Loss of A Good Friend

| November/December 1999

On April 6, 1999, THOMAS ROBERT GINGELL, 80, of West Main Street, Emmitsburg, Maryland, passed away at Frederick Memorial Hospital. The husband of Jane Bollinger Gingell, he was a member of numerous antique automobile and steam engine organizations. A past commissioner of the Town of Emmitsburg, he was a member of the Veterans of Foreign Wars Post 6658, and American Legion, Francis X. Elder Post 121, both of Emmitsburg. Gingell served in the U.S. Navy during World War II. He owned and operated Gingell's Quarry, Fairfield, Pa., for many years. He was retired from the Maryland State Highway Administration.

Surviving in addition to his wife are three children, Pinny Davis, Robert T. Gingell and Francie Thomas. From Mark Corson of 9374 Roosevelt Street, Crown Point, Indiana 46307, we received a copy of the following eulogy, written and presented by Jeff Thomas, Mr. Gingell's son-in-law, at the funeral. Photos are provided by the Gingell family.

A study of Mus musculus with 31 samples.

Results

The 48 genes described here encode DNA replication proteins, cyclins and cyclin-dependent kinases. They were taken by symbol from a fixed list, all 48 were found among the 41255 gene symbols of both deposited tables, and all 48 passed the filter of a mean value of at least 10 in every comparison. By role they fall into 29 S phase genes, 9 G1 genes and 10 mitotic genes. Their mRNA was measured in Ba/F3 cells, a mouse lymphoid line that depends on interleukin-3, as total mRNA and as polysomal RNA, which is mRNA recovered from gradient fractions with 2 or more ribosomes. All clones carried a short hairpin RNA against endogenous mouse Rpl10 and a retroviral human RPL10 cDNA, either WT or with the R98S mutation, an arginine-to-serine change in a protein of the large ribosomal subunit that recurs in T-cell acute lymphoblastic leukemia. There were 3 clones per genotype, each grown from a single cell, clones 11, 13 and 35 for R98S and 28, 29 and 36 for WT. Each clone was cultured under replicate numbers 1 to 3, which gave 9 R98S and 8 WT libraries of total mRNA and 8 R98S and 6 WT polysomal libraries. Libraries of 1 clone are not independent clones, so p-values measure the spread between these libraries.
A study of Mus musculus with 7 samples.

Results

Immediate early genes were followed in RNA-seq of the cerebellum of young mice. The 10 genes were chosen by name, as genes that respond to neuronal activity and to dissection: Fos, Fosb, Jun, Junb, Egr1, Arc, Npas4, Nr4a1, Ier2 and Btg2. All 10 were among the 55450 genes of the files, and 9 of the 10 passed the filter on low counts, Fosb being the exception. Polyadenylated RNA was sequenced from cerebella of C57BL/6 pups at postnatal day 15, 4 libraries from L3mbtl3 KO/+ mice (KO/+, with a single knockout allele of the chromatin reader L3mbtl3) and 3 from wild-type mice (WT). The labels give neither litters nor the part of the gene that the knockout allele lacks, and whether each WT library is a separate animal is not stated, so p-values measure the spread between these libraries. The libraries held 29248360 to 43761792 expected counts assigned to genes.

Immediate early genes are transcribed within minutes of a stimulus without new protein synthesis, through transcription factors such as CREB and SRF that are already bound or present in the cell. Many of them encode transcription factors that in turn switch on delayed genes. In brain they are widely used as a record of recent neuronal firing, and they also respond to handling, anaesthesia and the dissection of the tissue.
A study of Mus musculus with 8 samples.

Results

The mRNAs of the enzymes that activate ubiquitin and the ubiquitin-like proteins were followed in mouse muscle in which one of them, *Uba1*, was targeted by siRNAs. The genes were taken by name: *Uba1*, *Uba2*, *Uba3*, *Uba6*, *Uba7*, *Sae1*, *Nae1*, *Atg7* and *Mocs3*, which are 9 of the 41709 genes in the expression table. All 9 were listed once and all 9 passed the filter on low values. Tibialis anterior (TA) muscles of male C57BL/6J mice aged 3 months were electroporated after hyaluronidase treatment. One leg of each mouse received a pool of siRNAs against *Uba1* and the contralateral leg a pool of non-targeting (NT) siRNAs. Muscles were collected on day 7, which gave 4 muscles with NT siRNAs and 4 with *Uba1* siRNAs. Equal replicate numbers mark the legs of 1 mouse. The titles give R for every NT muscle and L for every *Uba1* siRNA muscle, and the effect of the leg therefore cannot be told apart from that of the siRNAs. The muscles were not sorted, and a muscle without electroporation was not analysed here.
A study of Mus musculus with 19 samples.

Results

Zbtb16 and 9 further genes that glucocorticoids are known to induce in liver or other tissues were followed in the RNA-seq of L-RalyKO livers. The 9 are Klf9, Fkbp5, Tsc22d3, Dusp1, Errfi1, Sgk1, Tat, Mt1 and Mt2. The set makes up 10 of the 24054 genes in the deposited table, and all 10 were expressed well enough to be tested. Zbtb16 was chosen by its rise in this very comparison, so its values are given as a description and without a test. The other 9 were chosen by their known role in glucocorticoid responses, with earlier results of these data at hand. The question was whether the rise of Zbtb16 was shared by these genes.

It is difficult to capture 80 years of living, especially Tom Gingell's living, in a short eulogy. I am going to let Tom tell you about the first 18 years in his own words nobody could have done it better. . . In the spring of 1936, Tom and Jane, his wife of 57 years, completed a high school assignment to write an account of themselves. I am amazed at how seriously they took these assignments, and how well, and honestly, they spoke of themselves. Here are excerpts from Tom's account:

An Account of Myself by Thomas Robert Gingell

'I was born in Zora, Pennsylvania, on October 15, 1918. My parents were of German and Irish decent, mostly German. I lived with my grandmother until I was 12 years old, the moved to Emmitsburg with my mother and about three years later moved back with my grandmother.

'The person that influenced me most was my uncle [Herb] and I always wanted to be like him because I thought he was the top of perfection.

'In my grammar grades I made fairly good marks but when I got to high school, oh! I never made over a C until my senior year and that was aB.